Skip ongoing text conversations in the company of others.

Texting Etiquette for Teenagers

by Christina Schnell

It may seem like your teenager's hands are permanently fixed in texting position on her phone, and in on some days you might even be right. While texting can seem less intrusive than calling someone directly, it's important for your teen to realize that texting, like any other form of communication, can be inappropriate or inconsiderate. Learning basic texting etiquette gives your teen a framework for the appropriate ways to use this technology.

In Social Settings

Family gatherings, sit-down meals and other formal occasions aren't appropriate places for your teen to be texting messages. Even if he's just hanging out with a few friends, texting every few minutes tells those around him they're less important than the text message, according to the Psychology Today website. Having said that, if for some reason he has to handle an especially urgent text, he should excuse himself from the dinner table or group of friends and take care of the matter privately.

Keep it Quiet

Your teen should set her phone on vibrate when texting in a public place. This might go without saying when she's at the movies or in the library, but even when shopping or at the gym, she should be considerate of other patrons who would prefer to go about their business without hearing the constant ding of a new message alert. Setting her phone on vibrate also spares others from the incessant click-click-click that many phones make while typing texts.

Texting Pictures and Videos

Your teenager must understand that he loses control over who sees a picture or video once he texts it. For this reason, as well as the consideration of others' privacy, good texting etiquette means never texting or capturing images or clips of anyone without that person's consent, advises the Psychology Today site. Texting even seemingly harmless pictures of friends or total strangers without their express approval is inconsiderate and dangerous. Texting salacious, suggestive or otherwise inappropriate media, even if he's the only subject and even if it's intended as a joke, is extremely poor etiquette, not to mention potentially illegal.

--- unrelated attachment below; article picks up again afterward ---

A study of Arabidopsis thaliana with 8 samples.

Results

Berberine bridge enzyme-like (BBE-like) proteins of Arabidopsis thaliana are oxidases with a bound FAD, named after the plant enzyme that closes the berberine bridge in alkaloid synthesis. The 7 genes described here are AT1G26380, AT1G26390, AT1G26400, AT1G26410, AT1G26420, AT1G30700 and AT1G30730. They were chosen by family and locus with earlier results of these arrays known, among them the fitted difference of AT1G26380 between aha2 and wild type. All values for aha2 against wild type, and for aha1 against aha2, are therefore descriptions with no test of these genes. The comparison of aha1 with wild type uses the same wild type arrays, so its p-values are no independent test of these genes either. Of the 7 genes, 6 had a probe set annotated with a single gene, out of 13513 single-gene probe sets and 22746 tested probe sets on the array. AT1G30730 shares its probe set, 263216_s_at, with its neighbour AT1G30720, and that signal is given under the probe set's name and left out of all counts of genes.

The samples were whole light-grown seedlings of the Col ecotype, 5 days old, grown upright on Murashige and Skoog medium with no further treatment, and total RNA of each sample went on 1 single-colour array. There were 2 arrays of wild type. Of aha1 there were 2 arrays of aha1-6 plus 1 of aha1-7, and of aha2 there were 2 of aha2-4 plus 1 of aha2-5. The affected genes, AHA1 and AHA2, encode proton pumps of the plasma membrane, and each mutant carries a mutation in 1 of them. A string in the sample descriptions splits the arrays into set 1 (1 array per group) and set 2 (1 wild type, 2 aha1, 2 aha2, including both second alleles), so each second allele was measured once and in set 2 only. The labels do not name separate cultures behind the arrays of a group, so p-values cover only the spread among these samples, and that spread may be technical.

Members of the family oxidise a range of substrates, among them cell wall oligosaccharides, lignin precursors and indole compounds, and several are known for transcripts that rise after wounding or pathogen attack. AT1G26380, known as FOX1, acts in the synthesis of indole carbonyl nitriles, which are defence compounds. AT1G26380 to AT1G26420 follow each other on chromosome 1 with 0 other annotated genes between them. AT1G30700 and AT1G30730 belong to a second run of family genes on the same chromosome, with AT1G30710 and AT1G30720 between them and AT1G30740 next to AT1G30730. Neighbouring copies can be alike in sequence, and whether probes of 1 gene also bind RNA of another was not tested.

Sensitive or Emotional Information

Texting is convenient, but it's inappropriate for communicating sensitive or serious information. Breaking up a relationship, asking someone to prom or consoling a friend who recently lost a loved one requires a human touch or voice, not abbreviations and emoticons. By the same token, your teen should refrain from texting while angry or fighting via text. It's tempting to send hurtful texts in moments of outrage or upset, and demeaning or attacking others isn't any less harmful via texting.

About the Author

Christina Bednarz Schnell began writing full-time in 2010. Her areas of expertise include child development and behavior, medical conditions and pet health. She holds a Bachelor of Arts in international relations.